Louisiana National Guardsman Staff Sgt. Thomas Florich was laid to rest at Arlington National Cemetery after a lengthy fight with the Army. (Louisiana National Guard, AP)
The inevitable faces Arlington National Cemetery: it is nearing capacity for “below-ground” interments (commonly called “burials”). There is plenty of room for the enshrinement of cremated remains, called “inurnment.”
At a recent Advisory Committee on Arlington National Cemetery’s Honor Subcommittee meeting at Arlington attended by ROA and the Enlisted Association of the National Guard (and no other veterans or military organizations, curiously), subcommittee members focused on ANC’s diminishing capacity.
During fiscal year 2015, Arlington, which is under the jurisdiction of the Army, saw 6,828 interments and “inurnments” (cremations), up from 5,813 in FY 2013, but down a bit from FY2014. Under the 27-acre “Millennium Project” expansion underway, room is expected to run out in 2035. A second, “Southern” expansion of 40 acres on the grounds extends that fateful day to the 2050s.
While service members killed in action are quickly scheduled by Arlington for interment, scheduling for other remains reflects a cemetery team under great pressure: the wait for scheduling a funeral ranges from 12 weeks for USMC remains to 22 for Navy remains, with the Army and Air Force being about 14 weeks.
The Honor Subcommittee also discussed ANC interment eligibility. Given the nature of service provided by an “operational” reserve in a time of constant hostilities, the old rules have grown visibly and unacceptably out of balance. An example is the struggle entailed in gaining Army approval for the burial at Arlington of Louisiana ARNG Staff Sgt. Thomas Florich. Staff Sergeant Florich was killed in the March 2015 crash of a UH-60 Black Hawk. His family’s request for a waiver permitting his burial (instead of inurnment, which was authorized without waiver) was denied because he was on inactive duty for training orders. ROA advocated for his burial at ANC; Secretary of the Army John McHugh ultimately reversed the bureaucracy’s decision, approving the Guardsman’s burial at Arlington.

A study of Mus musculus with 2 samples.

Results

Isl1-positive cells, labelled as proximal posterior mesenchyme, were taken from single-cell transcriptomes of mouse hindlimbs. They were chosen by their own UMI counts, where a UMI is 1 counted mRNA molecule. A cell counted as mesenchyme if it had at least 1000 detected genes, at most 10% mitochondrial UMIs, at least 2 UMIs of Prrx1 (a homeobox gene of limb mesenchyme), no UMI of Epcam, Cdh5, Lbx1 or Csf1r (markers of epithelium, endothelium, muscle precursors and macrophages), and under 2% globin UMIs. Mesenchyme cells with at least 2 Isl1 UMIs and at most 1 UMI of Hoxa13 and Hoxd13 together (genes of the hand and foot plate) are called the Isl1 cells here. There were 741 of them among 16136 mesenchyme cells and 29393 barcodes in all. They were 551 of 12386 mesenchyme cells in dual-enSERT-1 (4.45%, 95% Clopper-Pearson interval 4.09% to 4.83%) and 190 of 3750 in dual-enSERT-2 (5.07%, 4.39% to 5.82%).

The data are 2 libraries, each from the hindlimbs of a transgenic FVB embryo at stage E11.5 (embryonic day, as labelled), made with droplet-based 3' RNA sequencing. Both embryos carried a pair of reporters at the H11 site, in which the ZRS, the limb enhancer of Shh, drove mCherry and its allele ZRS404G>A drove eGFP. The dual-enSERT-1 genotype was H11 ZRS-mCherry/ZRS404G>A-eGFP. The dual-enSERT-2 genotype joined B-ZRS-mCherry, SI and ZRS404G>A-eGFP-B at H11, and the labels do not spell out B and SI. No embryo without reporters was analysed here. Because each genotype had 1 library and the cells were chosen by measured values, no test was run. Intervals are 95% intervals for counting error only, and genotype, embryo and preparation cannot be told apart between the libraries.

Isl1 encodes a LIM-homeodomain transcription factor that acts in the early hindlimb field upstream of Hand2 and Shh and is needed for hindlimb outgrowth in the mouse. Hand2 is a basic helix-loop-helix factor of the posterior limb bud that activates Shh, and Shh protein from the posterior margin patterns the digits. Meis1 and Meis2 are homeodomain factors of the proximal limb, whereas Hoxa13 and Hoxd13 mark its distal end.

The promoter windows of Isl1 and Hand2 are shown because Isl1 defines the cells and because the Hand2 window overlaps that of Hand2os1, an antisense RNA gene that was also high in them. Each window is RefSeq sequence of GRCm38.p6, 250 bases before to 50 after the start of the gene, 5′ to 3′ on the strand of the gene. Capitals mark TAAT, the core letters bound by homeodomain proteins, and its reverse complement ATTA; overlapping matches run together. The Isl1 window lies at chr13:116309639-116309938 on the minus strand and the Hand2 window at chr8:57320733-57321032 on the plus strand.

In a conversation with committee member and former chairman of the House Appropriations subcommittee on Military Construction and Veterans Affairs, Hon. Chet Edwards of Texas, ROA’s executive director, Jeff Phillips, conveyed the point that eligibility reform must ensure that the type of orders under which a service member is “paid” must not influence the manner in which he or she is honored in death, as nearly became the case with Staff Sgt. Florich.
Arlington will, sooner or later, become full. Now is the time to review eligibility criteria to ensure equity and appropriateness, recognize that Arlington’s capacity will inevitably run out, and explore options. As Chairman Edwards said, in doing so, what cannot be compromised is the “iconic” nature of Arlington; it is the nation’s shrine; its solemnity, dignity, serenity, and beauty must be fittingly preserved.
Edwards, son of a WWII naval aviator, also voiced the opinion, with which we agree, that the people of America and the Congress would “be offended” if recipients of the Medal of Honor could not be buried at Arlington: should then a dedicated area be set aside to ensure perpetual space for recipients of our highest award for valor? Could the impeccably maintained VA-run National Cemeteries, which now have different eligibility criteria, somehow play a helpful role as Arlington’s capacity disappears? Could a sizable Arlington annex be built elsewhere in the National Capital Area? Could ceremonies be held at ANC, but the actual interment occur at the annex . . . ?
ROA will take an active role in helping shape this discussion; the outcomes must in any event assure equity for Reservists who die doing their duty, serving our nation.